The Concept Of Bars Dates All The Way Back To Ancient Times

Grabbing a beer, a glass of wine, or a cocktail is a pastime that is tightly embedded into cultures around the world. Whether to celebrate, grieve, or simply catch up or unwind after a long day, there are infinite reasons for folks to rally at the local watering hole. The concept of bars as a whole seems a little bizarre when you really take a moment to think about it: several groups of strangers from various walks of life congregated in a single place indulging in alcohol. As it turns out, the premise has been around for quite a long time — millennia, in fact.

Some historians have traced public drinking spots back to ancient civilizations such as the Greeks and Romans, though the bars of those times were more like taverns and were often associated with debauchery, gambling, and excess. During the Middle Ages, visiting pubs and alehouses remained popular in Europe, especially in England. These central gathering places, known as inns, were where people could casually drink and socialize. They were often owned by local breweries or private citizens and were sometimes used to conduct business negotiations. In a lot of ways since then — not much has changed.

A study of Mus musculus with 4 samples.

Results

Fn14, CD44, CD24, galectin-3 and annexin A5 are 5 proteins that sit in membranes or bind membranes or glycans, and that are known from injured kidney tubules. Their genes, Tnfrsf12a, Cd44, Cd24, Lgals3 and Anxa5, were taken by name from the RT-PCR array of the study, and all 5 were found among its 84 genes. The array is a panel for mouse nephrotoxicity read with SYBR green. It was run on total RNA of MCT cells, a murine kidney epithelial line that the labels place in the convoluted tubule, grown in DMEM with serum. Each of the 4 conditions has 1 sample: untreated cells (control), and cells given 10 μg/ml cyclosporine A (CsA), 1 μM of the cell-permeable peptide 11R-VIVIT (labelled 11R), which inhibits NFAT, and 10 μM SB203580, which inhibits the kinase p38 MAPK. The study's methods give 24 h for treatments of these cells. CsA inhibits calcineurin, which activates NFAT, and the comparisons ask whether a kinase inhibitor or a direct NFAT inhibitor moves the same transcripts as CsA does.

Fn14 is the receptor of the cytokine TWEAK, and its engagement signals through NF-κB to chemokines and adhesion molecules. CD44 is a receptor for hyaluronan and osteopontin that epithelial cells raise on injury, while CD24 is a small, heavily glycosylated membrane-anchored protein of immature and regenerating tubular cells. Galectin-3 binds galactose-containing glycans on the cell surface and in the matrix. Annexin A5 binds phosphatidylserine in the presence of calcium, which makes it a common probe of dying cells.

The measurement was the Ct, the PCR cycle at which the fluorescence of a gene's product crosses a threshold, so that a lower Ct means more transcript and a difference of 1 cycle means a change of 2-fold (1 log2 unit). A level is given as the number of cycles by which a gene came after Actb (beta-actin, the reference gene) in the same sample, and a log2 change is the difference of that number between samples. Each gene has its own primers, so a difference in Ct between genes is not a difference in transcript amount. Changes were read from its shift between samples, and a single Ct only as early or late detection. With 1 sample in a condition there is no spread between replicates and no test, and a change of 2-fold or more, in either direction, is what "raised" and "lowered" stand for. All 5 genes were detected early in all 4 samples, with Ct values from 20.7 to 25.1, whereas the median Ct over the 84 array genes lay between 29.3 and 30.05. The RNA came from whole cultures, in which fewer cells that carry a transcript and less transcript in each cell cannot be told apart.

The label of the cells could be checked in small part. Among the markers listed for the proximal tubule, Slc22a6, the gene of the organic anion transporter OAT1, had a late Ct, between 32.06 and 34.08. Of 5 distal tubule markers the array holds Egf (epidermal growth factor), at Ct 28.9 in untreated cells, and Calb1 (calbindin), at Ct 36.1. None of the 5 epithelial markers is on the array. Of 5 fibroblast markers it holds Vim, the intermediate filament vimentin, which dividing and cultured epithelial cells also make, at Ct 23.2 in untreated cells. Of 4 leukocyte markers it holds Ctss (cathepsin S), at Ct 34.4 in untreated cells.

Bars are still a pinnacle of drinking culture

In the 16th Century, bars began to take on a more sophisticated and refined atmosphere, as coffeehouses and breweries served as common meeting spots for artists, writers, and intellectuals. In the United States, bars were a fixture of colonial life and can be traced back to the 19th Century, when saloons were a locale for cowboys, miners, and other laborers during the California Gold Rush. These early bars often served as more than just a place to drink and were sometimes also used as hotels or brothels. 

As the 20th Century progressed, bars became more diverse, adopting various themes and influences. Then, during Prohibition in the 1920s and early 1930s, the sale and consumption of alcohol – with the exception of whiskey – was illegal in the U.S. This led to the rise of speakeasies and secret bars that served outlawed booze to patrons.

After Prohibition was repealed in 1933, bars became more mainstream and began to take on a variety of themes, from high-end cocktail lounges to dive bars. In the '50s, '60s, and '70s, bars became associated with the counterculture movement, with many hostelries catering to young people looking for a place to socialize and freely listen to music. Today, of course, bars are ubiquitous, found in nearly every city and town around the world. Cheers!